British Columbia in Canada is a bucket list kind of place for mountain biking, and the BC Bike Race is a great way to sample a ton of the province’s tremendous trail systems. Think of it like a seven-day greatest hits album – Cumberland, Campbell River, the Sunshine Coast, Squamish and Whistler – with racers getting a chance to shred BC’s most famous locales buoyed by the support of a well-organized event management team that takes care of food, lodging and much more.
Indeed, on the eve of this year’s BCBR, founder Dean Payne called his event a race that doubles as summer camp for cyclists. Stages are tough and challenging, but it’s not the daily death march that defines some of the other famous multi-day mountain bike epics. Instead, time in saddle for your average mid-packer ranged between three and four hours per day in 2011. Drinking a few beers afterward was standard operating procedure for many. The longest day was 65km and took most riders in the 4.5 to 5.5 hour range. The shortest was the stage 7 Whistler circuit, which measured just 27km and for most folks was over in less than three hours.
Weaving through the woods, by Margus Riga
“We want people to be able to have a little fun when they’re done riding, spend a little time checking out the communities that we go through,” said BC Bike Race marketing director Andreas Hestler. “You can’t do that if you’ve just spent six or seven hours in the saddle and are completely shelled. So that’s not what we ask of our racers. We really want this event to be challenging – and fun. Not just challenging. Next year we’re even thinking of pushing the start times back an hour so people can sleep in a little more.”
This year, wake-up calls typically came at 6.30am with racing underway between 9am and 10am, save for stage 3, which didn’t start until noon, but was preceded by a picturesque, early-morning BC Ferries ride across the Strait of Georgia from Vancouver Island to the Sunshine Coast.
Most transfers happened via bus or BC Ferries. Some racers got lucky, and got to take a sea plane ride
But don’t equate these relatively short days – or the possibility of extra sleep next year – with easy. The BC Bike Race isn’t easy. Not physically. Not mentally. All but a handful of the event’s roughly 500 racers logged in excess of 20 hours’ saddle time during the seven-day adventure that started in Cumberland on Vancouver Island and finished inside Whistler’s Olympic Plaza a week later. In between was a near constant barrage of roots, rocks and testing technical riding that proved especially challenging for non-BC locals, your author included.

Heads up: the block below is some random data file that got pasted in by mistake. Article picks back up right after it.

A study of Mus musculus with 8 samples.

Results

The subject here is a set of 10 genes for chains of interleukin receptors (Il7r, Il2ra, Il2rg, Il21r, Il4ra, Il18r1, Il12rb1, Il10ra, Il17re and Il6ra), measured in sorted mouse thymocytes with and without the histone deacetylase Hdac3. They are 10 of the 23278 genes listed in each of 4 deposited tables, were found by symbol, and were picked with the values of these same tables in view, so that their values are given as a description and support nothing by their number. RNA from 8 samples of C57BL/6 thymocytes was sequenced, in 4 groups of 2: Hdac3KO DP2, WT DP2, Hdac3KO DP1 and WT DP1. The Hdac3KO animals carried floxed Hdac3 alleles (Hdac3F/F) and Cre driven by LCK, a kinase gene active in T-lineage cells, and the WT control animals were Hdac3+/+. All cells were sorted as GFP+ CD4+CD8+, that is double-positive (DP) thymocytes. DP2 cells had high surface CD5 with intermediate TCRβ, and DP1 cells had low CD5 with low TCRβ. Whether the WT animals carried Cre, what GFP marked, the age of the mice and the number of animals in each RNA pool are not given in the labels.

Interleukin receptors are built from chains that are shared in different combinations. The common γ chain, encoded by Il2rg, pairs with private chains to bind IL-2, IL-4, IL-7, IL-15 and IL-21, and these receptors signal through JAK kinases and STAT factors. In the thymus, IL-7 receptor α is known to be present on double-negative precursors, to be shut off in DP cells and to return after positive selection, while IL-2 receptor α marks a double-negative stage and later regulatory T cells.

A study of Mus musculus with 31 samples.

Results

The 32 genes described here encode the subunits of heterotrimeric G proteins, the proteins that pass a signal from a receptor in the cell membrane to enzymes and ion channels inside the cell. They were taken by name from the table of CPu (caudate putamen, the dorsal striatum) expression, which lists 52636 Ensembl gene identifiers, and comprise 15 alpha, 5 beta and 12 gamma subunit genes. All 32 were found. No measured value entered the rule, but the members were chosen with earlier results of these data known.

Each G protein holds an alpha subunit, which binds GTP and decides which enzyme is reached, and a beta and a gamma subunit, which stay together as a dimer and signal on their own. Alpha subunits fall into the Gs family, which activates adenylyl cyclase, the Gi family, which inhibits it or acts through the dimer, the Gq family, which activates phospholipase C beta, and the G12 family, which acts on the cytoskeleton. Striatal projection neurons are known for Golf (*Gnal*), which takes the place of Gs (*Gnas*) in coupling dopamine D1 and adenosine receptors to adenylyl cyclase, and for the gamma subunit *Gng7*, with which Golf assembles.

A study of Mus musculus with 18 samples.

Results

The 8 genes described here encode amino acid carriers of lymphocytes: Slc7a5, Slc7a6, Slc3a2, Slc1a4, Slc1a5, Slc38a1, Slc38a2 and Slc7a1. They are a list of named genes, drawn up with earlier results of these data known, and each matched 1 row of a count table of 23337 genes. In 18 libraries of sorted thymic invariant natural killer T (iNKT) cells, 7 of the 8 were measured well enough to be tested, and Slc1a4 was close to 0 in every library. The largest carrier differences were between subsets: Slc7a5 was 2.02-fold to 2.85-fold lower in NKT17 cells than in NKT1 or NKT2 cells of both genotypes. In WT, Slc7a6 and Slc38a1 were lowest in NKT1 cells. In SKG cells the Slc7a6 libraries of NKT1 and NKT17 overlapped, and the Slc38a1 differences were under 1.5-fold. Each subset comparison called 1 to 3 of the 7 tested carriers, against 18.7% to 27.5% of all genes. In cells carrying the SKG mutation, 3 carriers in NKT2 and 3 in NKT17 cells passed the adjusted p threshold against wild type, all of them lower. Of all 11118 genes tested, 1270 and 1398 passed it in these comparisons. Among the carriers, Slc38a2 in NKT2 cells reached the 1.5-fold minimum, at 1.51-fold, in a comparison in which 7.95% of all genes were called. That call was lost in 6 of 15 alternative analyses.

Each night, dozens of battered bikes were lined up outside the Obsession Bikes mobile bike shop tents waiting for overnight repairs. Each day, the BCBR’s medical staff tended to a wide variety of injuries. Most were minor but there were several major mishaps, including a pair of broken ankles on the first day of the race, and several ugly faceplants that required stitches in chins.
The author gets his groove on during stage 1 in Cumberland
“We like to call this the school of singletrack,” said Hestler, whose event is fairly billed as the “ultimate singletrack experience”. “If you ride start to finish, you’re probably going to become a better mountain biker.” You’ll also get to see an off-the-beaten path view of one of North America’s most beautiful places. From the drippy enchanted tall timber forests on Vancouver Island, to the quiet coastal quaintness of the Sunshine Coast, to the majestic menage-a-trois of Howe Sound, the Coast Mountains and the towering rock faces along the Sea-to-Sky Highway, British Columbia is a wonder of sights and scenes.
Perhaps the shame of the BC Bike Race is that you’re racing at all, and not taking a little time to stop and soak it all in. Of course organizers have thought of this, too. Later this month, they’ll launch BC Bike Ride, a tour company aimed at showing off these same trails, albeit at a more relaxed pace. Tempted to give the race a go next year? Better make up your mind soon. Just two days into the 2012 registration window, BC Bike Race have already sold 64 percent of their entries. You can read more about this year’s race on Cyclingnews and find out more at www.bcbikerace.com.